75th Anniversary - CSI Timeline
A Vision for the Future
The Construction Specifications Institute (CSI) was founded on March 8, 1948, primarily by a group of specification writers from various government agencies who sought to establish order amidst the chaos of the post-World War II construction boom. The new organization’s vision was to create the standards and best practices to build architectural projects, public works projects, municipal facilities, and roads and bridges for the future of society.
Education and Certification
Over the last 75 years, CSI developed a laser focus on specification information and education that has made it the essential source for professional development in the architecture, engineering, construction, and owner (AECO) industry. The CCS®, CCCA®, CCPR™, and CDT® certifications are the calling cards of AECO professionals who sweat the details, ensuring that every construction process is complete and thorough.
A Professional Community
In May 1951, the association granted its 1st Charter to the Metropolitan New York City Chapter, essentially opening the door for CSI members to establish a collaborative, supportive network of colleagues and friends within their own region. Metropolitan D.C., Chicago, Los Angeles, San Diego, and Sacramento chartered chapters soon after. There are more than 100 CSI Chapters across the country.
Coast to Coast Consistency
As communication and collaboration increased, the innovation and implementation of best practices developed rapidly. In the 1960s, CSI introduced The Master Specification System, a landmark step toward uniform communications and standards in the construction industry. Building on that success, in 1978, CSI—in collaboration with Construction Specifications Canada—published MasterFormat®, the industry’s gold standard for organizing and communicating specifications and work results for construction projects. The most recently updated edition was published in 2020.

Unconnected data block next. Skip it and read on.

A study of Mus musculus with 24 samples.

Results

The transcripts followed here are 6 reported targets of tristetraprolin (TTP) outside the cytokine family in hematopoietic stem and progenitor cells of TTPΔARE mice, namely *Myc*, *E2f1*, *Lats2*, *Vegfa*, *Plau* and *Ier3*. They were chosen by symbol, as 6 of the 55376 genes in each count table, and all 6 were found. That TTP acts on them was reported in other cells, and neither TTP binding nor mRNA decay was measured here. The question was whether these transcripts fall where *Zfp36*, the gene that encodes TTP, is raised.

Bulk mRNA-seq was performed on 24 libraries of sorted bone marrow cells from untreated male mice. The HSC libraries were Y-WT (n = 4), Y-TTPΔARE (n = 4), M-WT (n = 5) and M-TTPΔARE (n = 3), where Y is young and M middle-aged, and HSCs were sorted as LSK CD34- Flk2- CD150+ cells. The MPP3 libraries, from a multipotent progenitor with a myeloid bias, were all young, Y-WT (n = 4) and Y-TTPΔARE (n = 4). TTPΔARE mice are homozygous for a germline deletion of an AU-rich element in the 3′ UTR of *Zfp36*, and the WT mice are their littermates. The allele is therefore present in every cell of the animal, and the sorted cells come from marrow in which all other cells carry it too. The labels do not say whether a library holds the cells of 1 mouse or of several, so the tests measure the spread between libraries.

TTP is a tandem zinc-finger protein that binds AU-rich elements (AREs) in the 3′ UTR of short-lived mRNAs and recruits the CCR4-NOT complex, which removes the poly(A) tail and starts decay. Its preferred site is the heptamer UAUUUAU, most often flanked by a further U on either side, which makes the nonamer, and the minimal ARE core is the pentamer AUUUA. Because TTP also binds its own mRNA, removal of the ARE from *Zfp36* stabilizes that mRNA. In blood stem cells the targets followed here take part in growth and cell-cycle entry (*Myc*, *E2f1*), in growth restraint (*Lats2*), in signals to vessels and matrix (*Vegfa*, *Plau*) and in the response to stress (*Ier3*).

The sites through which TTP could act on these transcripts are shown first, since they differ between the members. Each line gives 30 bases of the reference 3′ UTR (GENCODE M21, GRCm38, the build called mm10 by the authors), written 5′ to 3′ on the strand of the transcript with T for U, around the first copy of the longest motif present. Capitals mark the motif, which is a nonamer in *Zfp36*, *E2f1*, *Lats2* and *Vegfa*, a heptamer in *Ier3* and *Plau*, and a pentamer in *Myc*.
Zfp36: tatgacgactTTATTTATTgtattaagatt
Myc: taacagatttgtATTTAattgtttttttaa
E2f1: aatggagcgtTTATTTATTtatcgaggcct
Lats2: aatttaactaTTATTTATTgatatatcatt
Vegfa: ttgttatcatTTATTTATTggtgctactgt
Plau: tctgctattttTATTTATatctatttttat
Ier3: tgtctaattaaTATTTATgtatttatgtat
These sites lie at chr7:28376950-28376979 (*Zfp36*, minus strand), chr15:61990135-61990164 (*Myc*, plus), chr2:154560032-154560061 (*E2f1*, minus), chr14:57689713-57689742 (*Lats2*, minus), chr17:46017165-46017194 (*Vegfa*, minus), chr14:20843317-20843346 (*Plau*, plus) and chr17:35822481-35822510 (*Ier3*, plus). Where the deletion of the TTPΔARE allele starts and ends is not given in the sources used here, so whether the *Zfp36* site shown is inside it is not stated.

Innovating for the Industry
With Uniformat®, the standard for classifying building specifications, cost estimating, and cost analysis in North America, and OmniClass® (which combines key elements of MasterFormat and UniFormat), the comprehensive classification system for building lifecycle and project management, CSI continues to meet the market’s current needs while anticipating trends for the future.
Specification and Clarification
CSI first published SectionFormat™ in 1969 and PageFormat™ in 1975. In 2009, CSI joined with Construction Specifications Canada (CSC) to produce a 2nd printing that combined the two recommended formatting standards into one publication, providing a uniform approach to organizing and presenting specification sections.
SectionFormat is for arranging specification text in a project manual's sections using a three-part format to reduce the chance of omissions or duplications. PageFormat offers a recommended arrangement of text on a specification page within a project manual as a framework for consistently formatting and designating articles.
Setting the Stage for the Future
To continue serving AECO professionals on whatever platform they choose, in December 2021, CSI introduced Crosswalk®, a digital tool for process optimization that can instantly trans-classify data between essential standards such as MasterFormat, OmniClass, and UniFormat.
Celebrating Accomplishments and Opportunities
At the first annual Construction Specifications Institute Convention, held in 1959 in Washington, D.C., the CSI Board of Directors first voted to honor outstanding individuals by deciding to elevate to Fellowship those members whose efforts on behalf of the Institute's purposes and principles have been exemplary. Each year CSI welcomes new members to the College of Fellows. Both those traditions continue to this day and will be celebrated—along with CSI’s 75th Anniversary—at the 2023 CSI National Conference, October 4—6, in Minneapolis, Minnesota.
The Progress Continues
CSI continues to evolve to meet the needs of the AECO industry, especially in the areas of emerging tools, trends, and issues of sustainability. With a robust and diversified membership base of allied professionals involved in the creation and management of the built environment, CSI is the hub of the built environment, providing a welcoming place to communicate and collaborate on creating structures that directly provide value and inspiration to society.